The DUP ads were arranged by "digital advertising, web and software development" company AggregateIQ, a Canadian firm with oblique connections to Cambridge Analytica. Adverts such as seen up to 4.7 million times by Facebook users in England, Scotland and Wales, but a mere 860,000 times in Northern Ireland.
Typical slogans included "better for jobs", "better for family budgets", and "better for security". However, an advert claiming leaving the European Union would be "better for our borders" did not appear in Northern Ireland at all, perhaps wisely given the ongoing controversy about the potential 'hard border' Brexit may necessitate between Belfast and the Republic of Ireland.
The DUP did not merely exploit social media in mainland Britain — posters, garments, traditional display advertising (including a wraparound advert in a London freesheet newspaper) and more all spread across England, Scotland and Wales before and during the Brexit campaign.
Nonetheless, despite the propaganda blitz, the source of the party's apparently sizeable promotional war chest may have remained secret in perpetuity due to Northern Ireland's stringent donor secrecy laws. However, pressure from activists eventually forced the DUP to reveal the Constitutional Research Council's largesse was behind the project.
In a statement, Cook said the group "[supported] constitutional pro-Union causes" and was "delighted" to have supported the DUP's Leave campaign. Separately, DUP MP Sir Jeffrey Donaldson explained the money had been given as the group believed "as did we" — Brexit would be "good for the Union and bad for those who oppose it".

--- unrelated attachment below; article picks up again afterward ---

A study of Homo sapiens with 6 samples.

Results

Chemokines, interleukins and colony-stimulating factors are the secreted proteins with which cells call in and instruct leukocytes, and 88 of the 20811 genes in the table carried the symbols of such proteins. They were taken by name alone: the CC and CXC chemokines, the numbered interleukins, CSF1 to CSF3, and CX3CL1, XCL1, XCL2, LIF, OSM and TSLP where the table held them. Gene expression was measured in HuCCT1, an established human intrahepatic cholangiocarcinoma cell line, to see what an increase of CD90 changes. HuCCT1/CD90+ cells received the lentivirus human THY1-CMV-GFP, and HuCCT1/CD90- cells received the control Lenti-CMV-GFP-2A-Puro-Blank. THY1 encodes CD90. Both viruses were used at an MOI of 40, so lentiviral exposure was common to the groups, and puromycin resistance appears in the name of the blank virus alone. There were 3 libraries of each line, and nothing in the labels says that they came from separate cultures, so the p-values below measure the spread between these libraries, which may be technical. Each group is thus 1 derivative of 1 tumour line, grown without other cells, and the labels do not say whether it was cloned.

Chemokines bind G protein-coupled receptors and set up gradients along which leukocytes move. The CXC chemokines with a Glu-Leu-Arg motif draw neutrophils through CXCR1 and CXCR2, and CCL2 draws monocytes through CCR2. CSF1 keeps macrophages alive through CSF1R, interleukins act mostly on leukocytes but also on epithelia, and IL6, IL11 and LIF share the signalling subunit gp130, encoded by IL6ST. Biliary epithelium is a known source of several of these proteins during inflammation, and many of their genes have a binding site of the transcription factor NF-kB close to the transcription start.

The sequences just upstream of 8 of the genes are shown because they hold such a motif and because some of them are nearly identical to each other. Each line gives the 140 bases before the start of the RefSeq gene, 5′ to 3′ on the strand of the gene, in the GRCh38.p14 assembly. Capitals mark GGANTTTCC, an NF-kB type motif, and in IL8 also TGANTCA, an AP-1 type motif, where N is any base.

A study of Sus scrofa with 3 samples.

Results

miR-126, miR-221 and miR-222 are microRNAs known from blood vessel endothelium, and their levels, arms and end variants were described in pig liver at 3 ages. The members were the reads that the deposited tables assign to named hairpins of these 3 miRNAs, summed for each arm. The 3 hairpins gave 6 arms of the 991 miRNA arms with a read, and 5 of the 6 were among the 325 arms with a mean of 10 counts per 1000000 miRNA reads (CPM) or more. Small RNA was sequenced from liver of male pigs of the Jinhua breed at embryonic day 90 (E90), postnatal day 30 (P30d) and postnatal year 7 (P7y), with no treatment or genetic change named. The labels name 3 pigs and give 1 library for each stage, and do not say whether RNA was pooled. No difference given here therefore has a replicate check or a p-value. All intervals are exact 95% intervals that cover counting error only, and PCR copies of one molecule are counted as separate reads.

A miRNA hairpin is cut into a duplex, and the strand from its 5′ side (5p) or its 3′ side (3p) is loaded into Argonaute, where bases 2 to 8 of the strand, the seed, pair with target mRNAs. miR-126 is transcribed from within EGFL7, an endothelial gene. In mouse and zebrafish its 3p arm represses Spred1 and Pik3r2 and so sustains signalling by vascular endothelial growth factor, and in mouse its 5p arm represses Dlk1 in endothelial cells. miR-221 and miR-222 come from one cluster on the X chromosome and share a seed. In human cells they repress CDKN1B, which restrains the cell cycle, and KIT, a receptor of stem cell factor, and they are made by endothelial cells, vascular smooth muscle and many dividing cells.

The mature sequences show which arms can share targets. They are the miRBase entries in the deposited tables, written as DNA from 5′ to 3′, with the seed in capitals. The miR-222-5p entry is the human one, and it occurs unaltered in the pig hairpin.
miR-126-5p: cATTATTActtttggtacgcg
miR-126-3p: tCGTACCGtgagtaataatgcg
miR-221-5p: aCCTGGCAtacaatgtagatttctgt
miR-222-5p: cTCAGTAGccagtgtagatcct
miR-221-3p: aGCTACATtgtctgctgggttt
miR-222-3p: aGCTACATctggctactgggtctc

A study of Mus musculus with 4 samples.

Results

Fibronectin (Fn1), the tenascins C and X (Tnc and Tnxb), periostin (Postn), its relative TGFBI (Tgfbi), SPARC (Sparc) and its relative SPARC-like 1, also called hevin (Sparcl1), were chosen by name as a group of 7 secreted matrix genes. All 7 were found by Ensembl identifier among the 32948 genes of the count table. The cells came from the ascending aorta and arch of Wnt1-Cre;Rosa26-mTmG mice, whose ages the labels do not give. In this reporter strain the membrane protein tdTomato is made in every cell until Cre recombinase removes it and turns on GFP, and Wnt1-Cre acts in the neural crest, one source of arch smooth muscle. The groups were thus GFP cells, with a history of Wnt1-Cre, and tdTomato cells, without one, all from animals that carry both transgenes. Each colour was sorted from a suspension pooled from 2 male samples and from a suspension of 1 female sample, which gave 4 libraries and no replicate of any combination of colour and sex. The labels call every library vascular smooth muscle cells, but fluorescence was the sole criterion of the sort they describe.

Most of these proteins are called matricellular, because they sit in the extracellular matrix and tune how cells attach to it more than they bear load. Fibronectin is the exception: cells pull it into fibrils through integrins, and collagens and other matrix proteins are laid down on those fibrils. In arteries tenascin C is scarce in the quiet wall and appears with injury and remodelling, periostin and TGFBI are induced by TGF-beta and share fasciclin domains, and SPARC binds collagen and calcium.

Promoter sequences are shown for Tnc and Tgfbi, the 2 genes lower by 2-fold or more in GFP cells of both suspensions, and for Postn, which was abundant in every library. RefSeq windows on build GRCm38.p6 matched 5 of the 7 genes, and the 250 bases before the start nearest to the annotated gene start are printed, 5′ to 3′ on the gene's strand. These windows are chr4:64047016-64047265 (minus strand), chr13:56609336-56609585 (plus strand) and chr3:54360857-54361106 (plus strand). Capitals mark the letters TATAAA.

Cook is a well-connected figure in Conservative circles — on top of once running for parliament on the Tory ticker, he is the former Scottish director of the Campaign Against Political Correctness, a former representative of Conservative Friends of Israel and former vice chairman of the Scottish Conservatives. He also made headlines in Scotland in February 2017 after pledging to invest significant resources into a new campaign opposing Scottish independence post-Brexit.
Five Star Investment Management was registered at Cook's Glasgow address, filed no accounts with Companies House, and was dissolved in December 2014.
The clear connection raises further questions about the source of CRC's own funding, and whether certain figures helped fund pro-Leave campaigning activities. Saudi Arabia was widely tipped to be a major beneficiary from 'Brexit' prior to the vote, and since June 2016 has purchased assets in the UK, as well as major military hardware, at a significant discount due to the falling value of sterling.
As of July 30 2018, the DUP has not responded to Sputnik's requests for comment.
The ultimate source of the DUP's advertising budget is not 'dark money' scandal currently enveloping Britain's political establishment. Between April 2001 and February 2018, the Scottish Unionist Association Trust donated around $418,000 (£319,000) to the Scottish Conservatives — highly secretive, the organization has no fixed address, and is currently under investigation by the UK Electoral Commission.
Over the course of its existence, it has been connected to at least three different addresses in Edinburgh, Glasgow, and Melrose in official records. Moreover, while it has no current trustees, prior trustees have included Peter Duncan, former Scottish Conservatives chairman and Shadow Secretary of State for Scotland, and former Scottish Conservatives executive Robert Miller-Bakewell.
The organization's prior Electoral Commission entries repeatedly lists the Trust as an unincorporated association. However, Commission rules state unincorporated associations donating over US$328,000 (£25,000) in a calendar year must register with the body, which the Trust has failed to do.